We step outside the drug and device world today to report on Davis v. Cranfield Aerospace Solutions, Limited, — F4th –, 2023 WL 4141670 (9th Cir. Jun. 23, 2023), because if you substitute FDA for FAA in this case it is precedent for precluding personal jurisdiction over FDA consultants and others who assist manufacturers in obtaining approval of prescription medical products.
Plaintiffs are the families of three people who died in an airplane crash that occurred in Indiana. Plaintiffs allege the load alleviation system installed on the plane caused the crash. The system was manufactured and installed by a company whose principal place of business was Idaho. In order to obtain the required Federal Aviation Administration certification needed to install the system, the Idaho company retained defendant as a consultant. Defendant is an English company with no offices, employees, or other connection to the United States. Defendant had a relationship with the Idaho manufacturer for six years, over which period of time its employees made two trips to Idaho for test inspections and observation. The rest of defendant’s work was conducted by its employees in England and with the FAA in Washington, D.C. Plaintiffs sued the defendant consultant in Idaho and the district court dismissed for lack of specific personal jurisdiction. The Ninth Circuit affirmed in a 2-1 decision.
The three-part test for specific personal jurisdiction is whether the non-resident defendant “purposefully directs” his activities to or “purposefully avails” himself of the privilege of doing business in the forum state; the claim arises out of or relates to the forum-related activity; and exercising personal jurisdiction must be reasonable. Id. at *4. The majority opinion focused only on the first factor.
To determine purposeful availment the court looks at the “entire course of dealing” with the forum – the contract negotiations, the contract terms, the contemplated consequences, and the parties’ course of dealing. Id. at *5. The foreign consultant did not solicit business from the manufacturer. The manufacturer and the consultant negotiated the contract remotely and it was clear at all times that the work would be conducted by employees in the United Kingdom. So, no purposeful availment in the contract negotiation. As far as the terms of the contract, they are governed by New York law. The only mention of Idaho in the contract is that the consultant was permitted to witness tests and have access to the manufacturer’s facility in Idaho should they find it necessary. Since the primary purpose of the contract was to obtain a certification from the FAA located in Washington, D.C., the contract terms also do not establish purposeful availment.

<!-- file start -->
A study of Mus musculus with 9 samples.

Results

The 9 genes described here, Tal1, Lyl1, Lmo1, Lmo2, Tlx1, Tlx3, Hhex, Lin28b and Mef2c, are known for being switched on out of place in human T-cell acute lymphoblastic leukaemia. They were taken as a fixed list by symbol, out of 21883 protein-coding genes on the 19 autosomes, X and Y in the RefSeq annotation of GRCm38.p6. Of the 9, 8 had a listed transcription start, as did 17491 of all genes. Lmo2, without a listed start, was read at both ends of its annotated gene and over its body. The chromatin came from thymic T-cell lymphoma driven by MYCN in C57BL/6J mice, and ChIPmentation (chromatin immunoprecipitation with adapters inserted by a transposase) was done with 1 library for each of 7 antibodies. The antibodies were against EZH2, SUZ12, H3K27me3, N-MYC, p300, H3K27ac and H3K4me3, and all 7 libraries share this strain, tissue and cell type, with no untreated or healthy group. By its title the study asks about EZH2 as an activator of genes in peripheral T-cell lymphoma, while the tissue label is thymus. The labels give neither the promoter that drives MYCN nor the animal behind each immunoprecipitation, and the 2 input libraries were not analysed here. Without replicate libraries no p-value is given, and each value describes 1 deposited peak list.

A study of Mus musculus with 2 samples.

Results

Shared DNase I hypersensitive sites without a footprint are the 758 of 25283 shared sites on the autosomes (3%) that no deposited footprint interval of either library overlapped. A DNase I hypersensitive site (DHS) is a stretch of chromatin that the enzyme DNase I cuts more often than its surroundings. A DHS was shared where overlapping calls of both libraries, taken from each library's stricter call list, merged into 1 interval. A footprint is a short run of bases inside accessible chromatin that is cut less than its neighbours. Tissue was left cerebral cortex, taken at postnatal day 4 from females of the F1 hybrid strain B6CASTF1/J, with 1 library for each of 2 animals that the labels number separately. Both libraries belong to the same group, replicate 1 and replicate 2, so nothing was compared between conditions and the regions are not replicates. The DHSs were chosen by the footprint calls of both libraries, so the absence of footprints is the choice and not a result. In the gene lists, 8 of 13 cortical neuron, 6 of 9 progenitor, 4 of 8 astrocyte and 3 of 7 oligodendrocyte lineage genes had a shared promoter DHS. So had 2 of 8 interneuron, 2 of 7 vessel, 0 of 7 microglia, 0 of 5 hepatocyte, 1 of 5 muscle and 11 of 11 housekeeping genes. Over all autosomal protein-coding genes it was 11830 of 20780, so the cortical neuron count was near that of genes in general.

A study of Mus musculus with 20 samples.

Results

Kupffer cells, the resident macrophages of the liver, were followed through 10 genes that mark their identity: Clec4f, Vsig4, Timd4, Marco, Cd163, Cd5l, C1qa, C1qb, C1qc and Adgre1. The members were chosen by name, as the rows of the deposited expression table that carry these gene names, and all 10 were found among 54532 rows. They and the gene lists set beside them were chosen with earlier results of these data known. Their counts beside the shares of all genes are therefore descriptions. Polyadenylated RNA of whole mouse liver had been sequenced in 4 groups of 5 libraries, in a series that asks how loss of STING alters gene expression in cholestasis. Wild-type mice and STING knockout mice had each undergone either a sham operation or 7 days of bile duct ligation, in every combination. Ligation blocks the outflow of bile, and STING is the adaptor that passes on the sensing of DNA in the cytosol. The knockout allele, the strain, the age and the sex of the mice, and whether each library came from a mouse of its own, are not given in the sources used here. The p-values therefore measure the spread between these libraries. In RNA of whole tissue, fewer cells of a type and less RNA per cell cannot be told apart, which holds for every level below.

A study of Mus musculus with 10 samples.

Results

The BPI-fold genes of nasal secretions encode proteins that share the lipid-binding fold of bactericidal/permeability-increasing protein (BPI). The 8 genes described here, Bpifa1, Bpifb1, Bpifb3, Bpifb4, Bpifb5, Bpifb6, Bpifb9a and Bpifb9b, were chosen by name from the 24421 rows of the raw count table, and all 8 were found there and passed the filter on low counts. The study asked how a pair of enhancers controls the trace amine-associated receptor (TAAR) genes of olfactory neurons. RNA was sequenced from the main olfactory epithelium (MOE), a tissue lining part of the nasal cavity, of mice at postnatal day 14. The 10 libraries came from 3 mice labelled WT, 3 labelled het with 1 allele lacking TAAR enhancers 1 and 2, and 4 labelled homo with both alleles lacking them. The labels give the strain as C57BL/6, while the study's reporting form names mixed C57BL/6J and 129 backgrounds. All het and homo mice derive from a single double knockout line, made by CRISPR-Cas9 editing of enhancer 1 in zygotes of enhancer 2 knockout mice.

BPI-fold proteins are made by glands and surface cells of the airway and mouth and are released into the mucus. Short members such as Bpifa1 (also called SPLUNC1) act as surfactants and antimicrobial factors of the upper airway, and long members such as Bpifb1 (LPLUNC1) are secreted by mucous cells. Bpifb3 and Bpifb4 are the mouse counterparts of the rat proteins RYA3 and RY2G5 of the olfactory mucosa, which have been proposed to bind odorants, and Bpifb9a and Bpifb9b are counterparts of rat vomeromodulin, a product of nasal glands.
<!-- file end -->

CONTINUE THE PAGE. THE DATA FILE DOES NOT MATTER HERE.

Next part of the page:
The contemplated consequences of the contract were that the consultant would provide technical assistance to the manufacturer in obtaining the necessary certification. That was not an action that sought “to benefit from Idaho’s laws.” Id. at *6. Nor was the consultant holding the certifications on behalf of the manufacturer. The court cited a case holding that “legal representation” of an in-forum client does not establish minimum contacts. Id. The court also found persuasive that the manufacturer remained responsible for all modifications, testing, and analysis of the product. As would be true in the case of a manufacturer and FDA consultant for a medical device.
Finally, the court analyzed the course of the parties dealings. The consultant’s employees in the United Kingdom called and emailed frequently with the manufacturer’s employees in Idaho. However, “remote actions taken to service a contract in the forum state seldom lead to purposeful availment by themselves.” Id. at *7. The consultant’s employees also made two trips to the manufacturer’s Idaho facility. Again, that was not enough over the course of a six-year relationship. “[T]ransitory presence will support jurisdiction only if it was meaningful enough to create a substantial connection with the forum State.” Id. “Random, fortuitous, or attenuated” contacts are insufficient to establish jurisdiction. The court found it was undisputed that the bulk of the consultant’s work took place outside the United States.
Plaintiffs made a last-ditch effort to argue that “public policy concerns” should outweigh the “purposeful availment” factors because the United States had an interest in promoting aviation safety within its borders. To that the court replied: “While we are mindful that this appeal stems from tragic circumstances, the does not give us license to dispense with constitutional requirements.” Id. at *8.